Physicochemical and morphological characterization of nanoparticles from photocopiers: implications for environmental health

BF-STEM image

Bright field scanning transmission electron microscopy (BF-STEM) image of airborne particulate matter collected from a photocopier’s exhaust port.

In a recent article published in the peer-reviewed Nanotoxicology journal, RJ Lee Group’s Dr. Kristin Bunker, along with Dhimiter Bello, John Martin, Christopher Santeufemio, Qingwei Sun, Martin Shafer, and Philip Demokritou, explores the potential linking of printing and photocopying with environmental health effects by analyzing nanoparticles produced by the technologies.

Here is the abstract:

Several reports link printing and photocopying with genotoxicity, immunologic and respiratory diseases. Photocopiers and printers emit nanoparticles, which may be involved in these diseases. The physicochemical and morphological composition of these emitted nanoparticles, which is poorly understood and is critical for toxicological evaluations, was assessed in this study using both real-time instrumentation and analytical methods. Tests included elemental composition (40 metals), semi-volatile organics (100 compounds) and single particle analysis, using multiple high-sensitivity/resolution techniques. Identical analyses were performed on the toners and dust collected from copier’s exhaust filter. Engineered nanoparticles, including titanium dioxide, iron oxide and fumed silica, and several metals were found in toners and airborne nanoscale fraction. Chemical composition of airborne nanoscale fraction was complex and reflected toner chemistry. These findings are important in understanding the origin and toxicology of such nanoparticles. Further investigation of their chemistry, larger scale exposure studies and thorough toxicological characterization of emitted nanoparticles is needed.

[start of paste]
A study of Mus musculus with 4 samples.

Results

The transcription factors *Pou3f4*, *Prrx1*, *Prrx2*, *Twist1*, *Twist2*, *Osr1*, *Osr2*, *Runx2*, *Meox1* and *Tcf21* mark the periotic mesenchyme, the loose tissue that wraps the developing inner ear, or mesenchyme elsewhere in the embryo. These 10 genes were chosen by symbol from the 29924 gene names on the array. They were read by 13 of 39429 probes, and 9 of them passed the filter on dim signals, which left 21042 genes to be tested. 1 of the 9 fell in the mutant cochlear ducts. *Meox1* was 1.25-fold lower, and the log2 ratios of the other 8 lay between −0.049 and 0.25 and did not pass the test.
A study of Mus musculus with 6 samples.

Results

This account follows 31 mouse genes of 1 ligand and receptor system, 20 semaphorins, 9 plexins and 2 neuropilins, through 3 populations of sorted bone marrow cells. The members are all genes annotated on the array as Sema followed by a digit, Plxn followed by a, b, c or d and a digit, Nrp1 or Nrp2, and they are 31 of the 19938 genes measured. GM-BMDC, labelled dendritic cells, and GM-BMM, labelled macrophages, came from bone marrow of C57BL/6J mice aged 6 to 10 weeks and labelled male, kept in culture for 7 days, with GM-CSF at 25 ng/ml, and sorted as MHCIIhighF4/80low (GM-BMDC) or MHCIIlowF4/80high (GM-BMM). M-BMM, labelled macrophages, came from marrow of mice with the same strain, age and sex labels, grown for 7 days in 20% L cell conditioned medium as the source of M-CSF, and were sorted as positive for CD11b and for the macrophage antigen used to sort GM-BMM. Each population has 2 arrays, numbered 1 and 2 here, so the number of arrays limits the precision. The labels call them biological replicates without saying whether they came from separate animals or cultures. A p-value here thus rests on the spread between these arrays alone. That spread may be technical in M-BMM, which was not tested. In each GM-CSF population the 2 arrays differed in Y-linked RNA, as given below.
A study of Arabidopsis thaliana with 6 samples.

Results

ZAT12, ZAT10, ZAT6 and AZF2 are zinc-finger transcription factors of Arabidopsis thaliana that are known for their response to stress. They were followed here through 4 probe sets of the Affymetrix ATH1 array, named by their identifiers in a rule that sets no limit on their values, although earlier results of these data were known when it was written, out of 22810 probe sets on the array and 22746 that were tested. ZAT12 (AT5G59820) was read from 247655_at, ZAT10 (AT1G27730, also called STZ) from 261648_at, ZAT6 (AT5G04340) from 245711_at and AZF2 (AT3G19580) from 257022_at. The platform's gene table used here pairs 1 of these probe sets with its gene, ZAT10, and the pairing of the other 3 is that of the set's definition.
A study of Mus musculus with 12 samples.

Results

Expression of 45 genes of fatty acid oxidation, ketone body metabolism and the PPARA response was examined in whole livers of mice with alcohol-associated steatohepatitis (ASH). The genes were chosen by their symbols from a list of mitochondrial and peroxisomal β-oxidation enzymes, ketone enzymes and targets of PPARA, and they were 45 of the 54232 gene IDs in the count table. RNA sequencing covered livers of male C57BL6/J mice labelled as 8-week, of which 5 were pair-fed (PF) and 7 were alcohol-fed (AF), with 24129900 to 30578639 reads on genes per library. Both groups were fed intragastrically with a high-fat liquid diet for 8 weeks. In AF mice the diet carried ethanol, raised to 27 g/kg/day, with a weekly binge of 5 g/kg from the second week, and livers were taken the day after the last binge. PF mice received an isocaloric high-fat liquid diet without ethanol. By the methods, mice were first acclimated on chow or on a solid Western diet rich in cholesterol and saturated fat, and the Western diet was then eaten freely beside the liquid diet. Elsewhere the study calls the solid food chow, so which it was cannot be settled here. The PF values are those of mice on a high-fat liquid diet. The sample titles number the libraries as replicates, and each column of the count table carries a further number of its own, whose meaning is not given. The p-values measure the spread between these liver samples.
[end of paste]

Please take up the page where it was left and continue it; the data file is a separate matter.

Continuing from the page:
– Abstract from Nanotoxicology

The full article is available for download here.

Kristin L. Bunker, Ph.D.

About Kristin L. Bunker, Ph.D.

Kristin L. Bunker, Ph.D. in Materials Science and Engineering, is currently a Senior Scientist at RJ Lee Group, Inc. where she specializes in the analysis and characterization of materials utilizing ultra high-resolution electron microscopy and X-ray spectroscopy techniques. She directs and conducts forensic examinations of particulate, nanomaterials, coatings, and thin films in advanced materials, environmental, manufacturing, and pharmaceutical projects. Dr. Bunker works closely with industry, national laboratories, and government agencies in the evaluation of nanoparticles from an industrial hygiene and environmental perspective. She is an expert in the characterization of various nanomaterials used in sensors, diagnostics, aerospace composites, architectural products and protective coatings among others.  
In 2012 Dr. Bunker became the President of the internationally recognized Microanalysis Society (MAS). She is the author or co-author of more than 40 publications covering topics in semiconductors, life sciences, mineralogy, and nanomaterials. Prior to receiving her Ph.D., Dr. Bunker served as an expert witness in California courts for the analysis of Gunshot Residue (GSR).